More banks for India soon?

Posted on May 30, 2014 by Sumita Kale

Last week, the RBI Governor Dr Rajan spoke about the need for increasing competition in the banking sector, about licenses on tap, about differentiated banking licenses and payments banks.

The RBI can take more of a chance with new players if they get the license to open only a small bank or to conduct only one segment of banking businessSuch differentiated licenses – licenses with restrictions on the geographical reach or the products offered by a new bank – can generate more organizational variety and efficiencySmall banks tend to be better at catering to local needs, including needs of small and medium businessesA payments bank, which will take deposits and offer payment and remittance services but be constrained to invest all its funds in safe instruments such as government securities, could be very synergistic with other existing servicesFor example, the proposed Post Bank could start as a payment bank, making use of post office outlets to raise deposits and make payments (Speech to Competition Commission, May 20, 2014)

There had been quite a bit of buzz in January when the Mor Committee recommendations had come out, and now finally it is clear, as the new government has taken charge, that the differentiated banking is in the offingAs Financial Service Secretary GS Sandhu told the press yesterday, 29th May,  "Hopefully, in next few months RBI will start inviting applications..RBI will take 4-5 months for preparing the new set of guidelines for on-tap and for differentiated banks,"

All eyes on this space now to see how the RBI takes this forward With more payments institutions, more competition will enhance access in the unbanked and under-banked areasThe hope is that entry to this sector is not constrained through high capital requirements, or high compliance costs that are typically associated with regular commercial banks.

PS A blog post on similar lines can be read here in the ET


Posted on May 13, 2014 by Sumita Kale

Brazil has been at the forefront of innvotive modes to expedite financial inclusion- branchless banking, channeling government transfers through business correspodent agents and lately the regulation allowing non-banks into the payments spaceAt each step there are learnings because inclusion is still a long way away.

A nationally representative survey was conducted by BFA and the Bill & Melinda Gates Foundation to understand what was happening and concluded that agents have played a role in reducing financial exclusion in Brazil, though usage of financial services is still low.

Using data from a national survey in Brazil, we find that Brazil has largely overcome the distance barrier to financial access, and a majority of Brazilians—67% of the population—now pay at least one bill at an agentHowever, only a small proportion of the population use this channel for opening or transacting through a bank account, or for accessing credit: only 12% of banked respondents usually withdraw from their bank account at an agent, 9% usually deposit at an agent, only 6% have accessed a loan through an agent, and 4% have opened an account through this channelHowever, we do find evidence that those using agents are poorer, less educated, more likely to work in the informal sector, and to be women than those using other channelsThus, while only a minority of Brazilians are using agents for financial services other than bill pay, these individuals exhibit characteristics of traditionally underserved populations, suggesting that agents have made a difference for financial inclusion in BrazilNonetheless, the 79% of unbanked households that regularly visit an agent represent a missed opportunity to offer financial services to unbanked Brazilians through this channel,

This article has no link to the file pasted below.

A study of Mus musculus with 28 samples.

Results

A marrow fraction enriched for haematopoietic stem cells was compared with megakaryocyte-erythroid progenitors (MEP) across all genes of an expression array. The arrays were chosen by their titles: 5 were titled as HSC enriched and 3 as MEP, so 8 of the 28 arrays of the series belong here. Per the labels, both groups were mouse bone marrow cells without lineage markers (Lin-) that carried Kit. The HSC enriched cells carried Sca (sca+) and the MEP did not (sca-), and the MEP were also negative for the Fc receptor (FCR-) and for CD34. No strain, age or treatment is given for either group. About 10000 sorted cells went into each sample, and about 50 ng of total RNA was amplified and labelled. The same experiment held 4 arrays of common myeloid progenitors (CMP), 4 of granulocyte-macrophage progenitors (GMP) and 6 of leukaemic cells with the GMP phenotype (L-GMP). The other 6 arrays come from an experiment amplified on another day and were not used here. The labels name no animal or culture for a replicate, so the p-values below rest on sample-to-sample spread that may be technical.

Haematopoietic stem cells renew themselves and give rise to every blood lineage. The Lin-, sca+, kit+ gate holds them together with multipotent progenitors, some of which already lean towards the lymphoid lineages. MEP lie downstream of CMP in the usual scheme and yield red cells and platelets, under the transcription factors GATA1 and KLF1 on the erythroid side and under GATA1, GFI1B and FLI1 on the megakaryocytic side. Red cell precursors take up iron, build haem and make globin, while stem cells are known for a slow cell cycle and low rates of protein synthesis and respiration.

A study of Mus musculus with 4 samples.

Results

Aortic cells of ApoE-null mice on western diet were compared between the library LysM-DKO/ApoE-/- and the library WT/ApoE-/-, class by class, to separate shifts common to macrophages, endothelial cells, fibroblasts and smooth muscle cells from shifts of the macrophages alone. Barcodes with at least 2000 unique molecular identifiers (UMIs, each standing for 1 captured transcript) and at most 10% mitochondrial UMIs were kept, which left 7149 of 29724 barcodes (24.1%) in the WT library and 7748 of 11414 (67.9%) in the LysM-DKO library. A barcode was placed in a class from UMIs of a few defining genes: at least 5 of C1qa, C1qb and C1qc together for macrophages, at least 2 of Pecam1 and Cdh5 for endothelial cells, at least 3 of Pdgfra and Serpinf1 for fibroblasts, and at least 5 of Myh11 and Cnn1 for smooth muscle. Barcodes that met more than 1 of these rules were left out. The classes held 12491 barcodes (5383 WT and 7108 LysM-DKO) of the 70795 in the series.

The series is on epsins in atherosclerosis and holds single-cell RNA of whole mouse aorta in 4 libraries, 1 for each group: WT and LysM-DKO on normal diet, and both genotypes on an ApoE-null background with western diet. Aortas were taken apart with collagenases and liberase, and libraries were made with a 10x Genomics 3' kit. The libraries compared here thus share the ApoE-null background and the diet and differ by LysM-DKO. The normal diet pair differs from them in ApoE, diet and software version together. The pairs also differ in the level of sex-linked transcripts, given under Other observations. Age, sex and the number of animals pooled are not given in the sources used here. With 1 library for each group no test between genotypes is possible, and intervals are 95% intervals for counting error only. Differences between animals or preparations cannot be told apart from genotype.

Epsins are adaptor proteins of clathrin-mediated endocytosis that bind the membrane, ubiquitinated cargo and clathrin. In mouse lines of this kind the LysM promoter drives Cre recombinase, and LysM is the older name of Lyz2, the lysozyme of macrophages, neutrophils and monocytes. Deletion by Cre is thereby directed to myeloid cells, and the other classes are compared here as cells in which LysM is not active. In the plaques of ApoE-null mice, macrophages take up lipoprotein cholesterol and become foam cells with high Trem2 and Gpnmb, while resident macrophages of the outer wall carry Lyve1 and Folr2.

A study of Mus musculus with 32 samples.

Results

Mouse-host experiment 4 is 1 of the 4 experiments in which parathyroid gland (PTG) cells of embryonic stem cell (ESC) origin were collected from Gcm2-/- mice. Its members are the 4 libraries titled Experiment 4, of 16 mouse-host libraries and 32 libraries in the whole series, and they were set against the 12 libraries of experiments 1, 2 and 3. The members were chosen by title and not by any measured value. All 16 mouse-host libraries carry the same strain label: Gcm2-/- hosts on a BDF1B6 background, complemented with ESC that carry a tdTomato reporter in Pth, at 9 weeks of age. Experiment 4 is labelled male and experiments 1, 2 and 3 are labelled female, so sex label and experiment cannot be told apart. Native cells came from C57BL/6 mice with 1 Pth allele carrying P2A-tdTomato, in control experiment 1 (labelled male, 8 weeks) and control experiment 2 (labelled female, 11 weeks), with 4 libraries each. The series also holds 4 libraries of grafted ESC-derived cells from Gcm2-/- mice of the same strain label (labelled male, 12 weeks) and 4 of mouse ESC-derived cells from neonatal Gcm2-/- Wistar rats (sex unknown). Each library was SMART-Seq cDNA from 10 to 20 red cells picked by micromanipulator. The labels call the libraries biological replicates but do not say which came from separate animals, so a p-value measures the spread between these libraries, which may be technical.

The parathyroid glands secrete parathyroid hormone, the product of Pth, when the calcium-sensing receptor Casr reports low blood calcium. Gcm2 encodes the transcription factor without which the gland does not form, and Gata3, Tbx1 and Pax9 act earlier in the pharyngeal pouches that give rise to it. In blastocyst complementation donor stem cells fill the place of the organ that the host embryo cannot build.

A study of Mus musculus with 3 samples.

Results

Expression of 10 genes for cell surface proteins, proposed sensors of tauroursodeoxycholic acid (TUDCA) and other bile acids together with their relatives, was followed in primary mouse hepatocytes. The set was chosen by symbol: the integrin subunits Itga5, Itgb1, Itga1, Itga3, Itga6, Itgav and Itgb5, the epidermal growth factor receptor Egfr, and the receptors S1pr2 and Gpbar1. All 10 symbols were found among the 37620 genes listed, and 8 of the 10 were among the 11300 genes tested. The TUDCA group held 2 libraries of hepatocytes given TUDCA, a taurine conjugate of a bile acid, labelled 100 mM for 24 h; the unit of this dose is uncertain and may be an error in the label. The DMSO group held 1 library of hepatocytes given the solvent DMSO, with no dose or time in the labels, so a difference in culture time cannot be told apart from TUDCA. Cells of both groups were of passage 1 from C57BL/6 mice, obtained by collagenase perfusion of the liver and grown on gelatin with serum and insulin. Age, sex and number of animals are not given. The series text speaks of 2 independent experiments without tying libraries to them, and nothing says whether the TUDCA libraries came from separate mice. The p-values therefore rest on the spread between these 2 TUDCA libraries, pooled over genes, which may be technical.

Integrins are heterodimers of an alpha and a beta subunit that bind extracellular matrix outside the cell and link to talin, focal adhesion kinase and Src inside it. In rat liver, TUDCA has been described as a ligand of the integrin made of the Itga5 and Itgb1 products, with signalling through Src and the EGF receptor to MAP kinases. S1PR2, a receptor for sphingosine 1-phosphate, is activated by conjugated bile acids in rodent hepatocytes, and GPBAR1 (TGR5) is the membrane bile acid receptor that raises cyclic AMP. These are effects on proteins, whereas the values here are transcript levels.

The details of the analysis can be read here.

These results were then taken forward creating customer segments, to understand the financial needs in greater depthRespondents in a national household survey were split into six client groups based on the channels used for bill pay and for withdrawing or depositing into a bank accountThe segments include the Financially Excluded; Unbanked Bill Payers; Selective Agent Users; Privileged Agent Non-Users; Banked Bill Payers; and Agent Super-UsersThe study found that the Unbanked Bill Payers represent the biggest market opportunity for expanding agent servicesThis segment accounts for nearly a quarter of all respondents and is 57% female, 33% rural, and likely to work in the informal sectorBanked Bill Payers, Selective Users, and Banked Bill Payers also present market opportunitiesThus far, agents have had the biggest impact in making financial services more proximate and meeting the financial needs of the Agent Super-Users: poorer, more urban Brazilians, concentrated in the Northeast

The studies show that while agents offering cash-in and cash-out services for bill pay or person-to-person payments do not necessarily make access to formal savings, credit, and insurance possible for the poor, i.eagent coverage does not always beget transformative access to new financial products, it is possible for clients to make formal payments while still lacking a bank account, as is the case for an estimated 32 million Brazilian households.

Progress in includion will be slow, but will be there, allowing more players into the field will expand the scope for access and the transformation to higher services over time.